Queen Victoria Market – is a basement under the Fruit and Veg stalls absolutely necessary ?

Update October 2017 : Detailed plans for the proposed basement facilities and parking were submitted to Heritage Victoria for approval. MHA believes that  it should not get a permit without other options being more fully explored, the future operation of the market and other changes to the market, such as the Munro site and the plaza design, being properly explained. MHA’s submission can be found here QVM HV permit application submisison MHA. In January 2018 Heritage Victoria revealed they were going to take up to another two months to decide.


Changes to the Queen Victoria Market continue to be announced piecemeal; last year it was parking and community facilities under and part funded by an apartment tower on the Munro site, the final form of which is still not fully fleshed out.

The latest step this week approved by Council was something mooted for a while, a basement under the western half of Sheds A-D (which would be dismantled and reconstructed), containing trader delivery and storage space, waste handling, and a bottom layer of 200 customer car parks. It would be accessed by a ramp within Shed D, and lifts and stairs along the central walkway. The area of excavation would avoid the parts of the former cemetery with known burials, particularly the aboriginal area.

The details and rationale of this plan, and other future mooted services and refurbishments, were explained at a long presentation to MHA and National Trust representatives.  We felt that the arguments were well made, but there were few facts and figures to back up the justifications, and the eventual operation and even the ‘look’ of the market stalls within the sheds was unclear.

This represents massive intervention; though the end result above ground is relatively minor for the market as a whole, it represents a major change for sheds A-D, in both intervention and interruption of the ‘open character’, and probable changes to the operational ‘theatre’ of the market.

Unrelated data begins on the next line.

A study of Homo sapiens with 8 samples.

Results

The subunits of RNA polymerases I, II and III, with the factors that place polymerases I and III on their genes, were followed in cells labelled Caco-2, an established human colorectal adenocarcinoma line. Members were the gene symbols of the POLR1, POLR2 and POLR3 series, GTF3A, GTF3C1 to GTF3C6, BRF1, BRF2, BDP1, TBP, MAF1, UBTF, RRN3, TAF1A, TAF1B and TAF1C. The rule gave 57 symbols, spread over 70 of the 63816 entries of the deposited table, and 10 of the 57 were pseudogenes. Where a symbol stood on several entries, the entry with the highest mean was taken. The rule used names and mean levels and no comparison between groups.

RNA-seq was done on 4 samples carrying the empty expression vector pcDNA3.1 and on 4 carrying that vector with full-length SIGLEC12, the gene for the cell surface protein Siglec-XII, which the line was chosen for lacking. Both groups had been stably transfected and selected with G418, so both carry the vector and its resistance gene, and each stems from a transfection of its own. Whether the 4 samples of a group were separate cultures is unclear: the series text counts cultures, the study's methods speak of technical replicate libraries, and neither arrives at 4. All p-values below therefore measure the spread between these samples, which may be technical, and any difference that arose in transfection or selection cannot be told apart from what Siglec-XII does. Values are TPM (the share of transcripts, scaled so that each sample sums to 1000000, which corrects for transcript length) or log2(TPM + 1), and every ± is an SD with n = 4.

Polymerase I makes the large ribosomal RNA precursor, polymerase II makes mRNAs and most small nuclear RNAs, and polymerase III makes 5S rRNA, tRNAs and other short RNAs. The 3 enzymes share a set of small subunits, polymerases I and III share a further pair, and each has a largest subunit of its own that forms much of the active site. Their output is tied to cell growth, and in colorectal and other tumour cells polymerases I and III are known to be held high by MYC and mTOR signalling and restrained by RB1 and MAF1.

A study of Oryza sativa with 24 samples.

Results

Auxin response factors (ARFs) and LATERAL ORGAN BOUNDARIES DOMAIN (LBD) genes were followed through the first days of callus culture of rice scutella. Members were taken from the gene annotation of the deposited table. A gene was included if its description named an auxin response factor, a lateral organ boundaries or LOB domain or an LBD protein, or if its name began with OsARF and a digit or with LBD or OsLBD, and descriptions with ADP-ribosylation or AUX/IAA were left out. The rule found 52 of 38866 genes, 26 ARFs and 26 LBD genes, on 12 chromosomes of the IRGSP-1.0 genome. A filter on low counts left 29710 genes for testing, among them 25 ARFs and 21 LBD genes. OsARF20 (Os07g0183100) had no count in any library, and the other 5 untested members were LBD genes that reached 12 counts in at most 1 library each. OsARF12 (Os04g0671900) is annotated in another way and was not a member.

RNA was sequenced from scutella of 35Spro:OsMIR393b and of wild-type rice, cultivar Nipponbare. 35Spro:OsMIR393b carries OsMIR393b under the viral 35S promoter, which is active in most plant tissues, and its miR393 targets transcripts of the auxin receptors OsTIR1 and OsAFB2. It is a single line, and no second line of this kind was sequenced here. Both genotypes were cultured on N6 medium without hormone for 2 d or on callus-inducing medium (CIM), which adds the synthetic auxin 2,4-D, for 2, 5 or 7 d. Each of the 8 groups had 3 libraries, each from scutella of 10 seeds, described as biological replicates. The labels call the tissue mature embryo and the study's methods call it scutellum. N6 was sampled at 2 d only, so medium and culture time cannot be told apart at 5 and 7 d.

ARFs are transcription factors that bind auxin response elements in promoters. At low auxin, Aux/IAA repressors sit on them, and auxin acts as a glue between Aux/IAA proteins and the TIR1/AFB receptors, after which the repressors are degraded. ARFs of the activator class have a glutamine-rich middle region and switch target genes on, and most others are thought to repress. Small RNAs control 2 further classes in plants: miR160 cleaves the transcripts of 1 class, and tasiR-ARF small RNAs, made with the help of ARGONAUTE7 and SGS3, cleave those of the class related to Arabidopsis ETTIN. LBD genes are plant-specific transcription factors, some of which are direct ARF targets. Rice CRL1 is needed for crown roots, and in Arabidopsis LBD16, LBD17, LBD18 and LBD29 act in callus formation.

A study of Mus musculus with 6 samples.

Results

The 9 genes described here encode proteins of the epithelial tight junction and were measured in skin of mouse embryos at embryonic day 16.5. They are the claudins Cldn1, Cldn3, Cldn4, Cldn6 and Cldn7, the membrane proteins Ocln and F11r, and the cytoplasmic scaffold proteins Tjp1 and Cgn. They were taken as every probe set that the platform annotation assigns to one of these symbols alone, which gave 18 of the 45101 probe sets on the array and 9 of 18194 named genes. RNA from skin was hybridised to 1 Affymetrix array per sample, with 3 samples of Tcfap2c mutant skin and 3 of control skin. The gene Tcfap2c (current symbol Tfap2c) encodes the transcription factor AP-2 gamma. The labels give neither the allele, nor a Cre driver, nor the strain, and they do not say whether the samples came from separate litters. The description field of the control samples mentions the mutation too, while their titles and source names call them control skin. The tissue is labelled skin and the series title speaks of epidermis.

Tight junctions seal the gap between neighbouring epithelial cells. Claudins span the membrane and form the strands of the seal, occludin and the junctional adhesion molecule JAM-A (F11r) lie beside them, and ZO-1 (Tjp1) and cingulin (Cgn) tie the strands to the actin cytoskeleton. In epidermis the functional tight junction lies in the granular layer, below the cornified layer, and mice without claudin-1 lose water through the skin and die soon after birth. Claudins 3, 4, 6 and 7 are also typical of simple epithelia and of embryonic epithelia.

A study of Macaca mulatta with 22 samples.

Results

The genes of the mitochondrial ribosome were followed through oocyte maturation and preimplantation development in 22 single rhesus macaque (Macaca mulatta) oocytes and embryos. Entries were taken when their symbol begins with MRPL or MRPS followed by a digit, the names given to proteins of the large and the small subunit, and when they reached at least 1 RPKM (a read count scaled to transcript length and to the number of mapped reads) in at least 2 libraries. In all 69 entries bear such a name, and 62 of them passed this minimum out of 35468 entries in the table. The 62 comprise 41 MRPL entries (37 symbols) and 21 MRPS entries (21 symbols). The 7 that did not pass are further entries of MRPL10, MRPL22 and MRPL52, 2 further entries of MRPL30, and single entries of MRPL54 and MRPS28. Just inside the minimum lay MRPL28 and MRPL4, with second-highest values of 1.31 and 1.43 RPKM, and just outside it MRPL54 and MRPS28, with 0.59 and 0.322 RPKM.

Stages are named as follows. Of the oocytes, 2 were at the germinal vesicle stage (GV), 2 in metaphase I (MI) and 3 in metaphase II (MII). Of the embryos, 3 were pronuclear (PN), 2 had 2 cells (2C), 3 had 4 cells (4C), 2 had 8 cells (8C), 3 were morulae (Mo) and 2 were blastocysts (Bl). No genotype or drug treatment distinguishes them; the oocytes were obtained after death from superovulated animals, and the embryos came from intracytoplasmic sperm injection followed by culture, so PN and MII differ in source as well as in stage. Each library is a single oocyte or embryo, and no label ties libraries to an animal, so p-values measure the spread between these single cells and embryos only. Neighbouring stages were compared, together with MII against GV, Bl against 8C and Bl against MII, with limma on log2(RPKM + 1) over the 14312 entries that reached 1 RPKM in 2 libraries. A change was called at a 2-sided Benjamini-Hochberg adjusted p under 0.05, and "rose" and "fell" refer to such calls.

We fully support some aspects of the on-going plans, such as providing electricity and water to all the sheds, and improving structural stability and weather protection, but these are not part of this basement plan.

We also do not oppose changes to the market mix and location of types of stalls and vendors, such as freestanding permanent structures  for cafes and shops at the Peel Street end of the sheds, so long as the number of fresh food vendors is not markedly reduced, and that their rents are not (eventually) raised to the point where the market is no longer a cheaper option.  However changes such as these are neither fully explained nor part of this particular plan.

Shed laneway on market days
Stock would be stored underground to provide greater efficiency, and also improve safe work practices. Waste will be contained in bins, and transported to a basement treatment facility.

There are many different opinions as to what is ‘wrong’ with the market (if anything), both operationally and in regards to services, and how they might be addressed. MHA cannot endorse these proposed large scale changes without knowing more about the overall future operation of the market, and fully exploring all possible options of providing any or some of the needed services above ground. We also question the advisability of having customer parking under the sheds when it could all be accommodated on the Munro site.